June 13, 2024

Are Employers Doing Enough to Prevent Work Induced Hearing Problems?

Hearing related issues as the result of working in noisy environments is a problem. Some 1 in 8 people in the UK have been diagnosed with tinnitus, but over half have experienced related symptoms at some stage, according to statistics from Bodytrak.

The HSE estimates that around 17,000 people in the UK suffer deafness, tinnitus or other hearing related problems as a direct result of working on a noisy environment.

And noisy environments are by no means limited to the ones we typically think of, such as construction and warehouse work.

In fact, amongst the noisiest working environments and roles are:

  • Nightclub workers
  • Live music venue workers
  • Stewards and other staff working in sports venues such as football stadia
  • People working on runways and close to aircraft in airports
  • Musicians
  • Dentists (the sounds made by dental drills can be as loud as 90 dB)

So are we doing enough as employers? Well let’s look at what you can do to help prevent work induced hearing problems:


  • Use quieter equipment or modify your processes where possible. Look for the quietest equipment available to carry out the task and consider the introduction of policies around equipment buying in your business that look at low noise as a priority feature
  • Fit silencers to equipment wherever possible
  • Plan your workplace so machinery that’s constantly running is further away from your workers
  • Limit the amount of time your employees spend in noisy areas – hearing issues are caused by prolonged periods of exposure to loud noises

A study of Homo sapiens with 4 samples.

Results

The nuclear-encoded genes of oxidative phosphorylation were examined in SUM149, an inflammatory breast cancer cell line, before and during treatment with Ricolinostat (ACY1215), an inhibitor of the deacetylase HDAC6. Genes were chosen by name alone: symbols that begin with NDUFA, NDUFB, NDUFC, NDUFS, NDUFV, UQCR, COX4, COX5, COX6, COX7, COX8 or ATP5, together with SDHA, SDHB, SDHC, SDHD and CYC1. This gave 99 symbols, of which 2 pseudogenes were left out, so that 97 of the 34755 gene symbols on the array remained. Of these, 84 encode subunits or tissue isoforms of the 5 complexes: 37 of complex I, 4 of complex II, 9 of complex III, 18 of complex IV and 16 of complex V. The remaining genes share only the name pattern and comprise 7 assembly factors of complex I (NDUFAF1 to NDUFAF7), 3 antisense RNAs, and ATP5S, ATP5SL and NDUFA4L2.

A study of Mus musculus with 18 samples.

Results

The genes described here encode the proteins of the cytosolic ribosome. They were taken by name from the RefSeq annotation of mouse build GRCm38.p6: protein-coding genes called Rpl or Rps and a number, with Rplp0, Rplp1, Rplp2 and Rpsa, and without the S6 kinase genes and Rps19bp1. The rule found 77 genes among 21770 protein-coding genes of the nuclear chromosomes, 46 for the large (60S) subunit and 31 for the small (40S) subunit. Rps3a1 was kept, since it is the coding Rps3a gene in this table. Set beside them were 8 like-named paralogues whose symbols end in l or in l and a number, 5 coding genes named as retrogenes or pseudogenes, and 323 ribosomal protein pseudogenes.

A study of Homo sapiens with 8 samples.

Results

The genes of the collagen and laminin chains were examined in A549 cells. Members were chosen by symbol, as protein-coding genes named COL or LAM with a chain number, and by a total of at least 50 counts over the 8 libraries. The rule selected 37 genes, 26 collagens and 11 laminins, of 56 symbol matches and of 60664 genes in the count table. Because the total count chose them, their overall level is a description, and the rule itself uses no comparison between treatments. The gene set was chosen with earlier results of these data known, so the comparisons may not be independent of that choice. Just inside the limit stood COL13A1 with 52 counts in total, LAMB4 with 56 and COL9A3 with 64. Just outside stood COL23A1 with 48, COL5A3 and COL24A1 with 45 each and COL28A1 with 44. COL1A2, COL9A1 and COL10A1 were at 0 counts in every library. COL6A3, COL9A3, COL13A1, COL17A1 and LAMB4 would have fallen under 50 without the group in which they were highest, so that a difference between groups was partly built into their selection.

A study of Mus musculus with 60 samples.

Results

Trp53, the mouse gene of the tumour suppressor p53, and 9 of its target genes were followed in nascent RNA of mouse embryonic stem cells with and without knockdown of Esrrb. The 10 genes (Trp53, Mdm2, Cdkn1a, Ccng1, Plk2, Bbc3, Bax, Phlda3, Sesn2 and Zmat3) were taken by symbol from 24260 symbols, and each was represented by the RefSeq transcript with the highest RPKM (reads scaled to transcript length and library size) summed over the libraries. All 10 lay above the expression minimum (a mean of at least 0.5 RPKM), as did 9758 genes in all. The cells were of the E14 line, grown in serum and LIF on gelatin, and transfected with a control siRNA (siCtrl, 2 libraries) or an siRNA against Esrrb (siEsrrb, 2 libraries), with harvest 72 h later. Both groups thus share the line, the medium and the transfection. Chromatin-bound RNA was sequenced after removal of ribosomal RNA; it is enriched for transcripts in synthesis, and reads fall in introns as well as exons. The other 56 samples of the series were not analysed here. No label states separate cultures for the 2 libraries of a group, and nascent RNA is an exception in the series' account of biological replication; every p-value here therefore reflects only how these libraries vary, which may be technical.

• Ensure you provide all of the appropriate hearing protection – but also make sure your staff know how to use it properly, that it fits prooperly and consider the introduction of a policy to ensure staff are using their safety and protection equipment properly
  • Provide frequent hearing tests for staff who are exposed to loud noises
  • Ensure you carry out frequent risk assessments


Always follow HSE guidance in terms of your responsibilities to your employees.

It’s also important to encourage your staff to report any changes in hearing or related hearing problems at the earliest opportunity.

While some working environments are noisy by nature, taking steps to reduce the noise where possible, protect the hearing of your staff and adapt the layout of your working premises to reduce exposure to the noisiest equipment, you can help to reduce the risk of your employees joining the 17,000 or so who’ve already experienced hearing loss or tinnitus as the result of their work.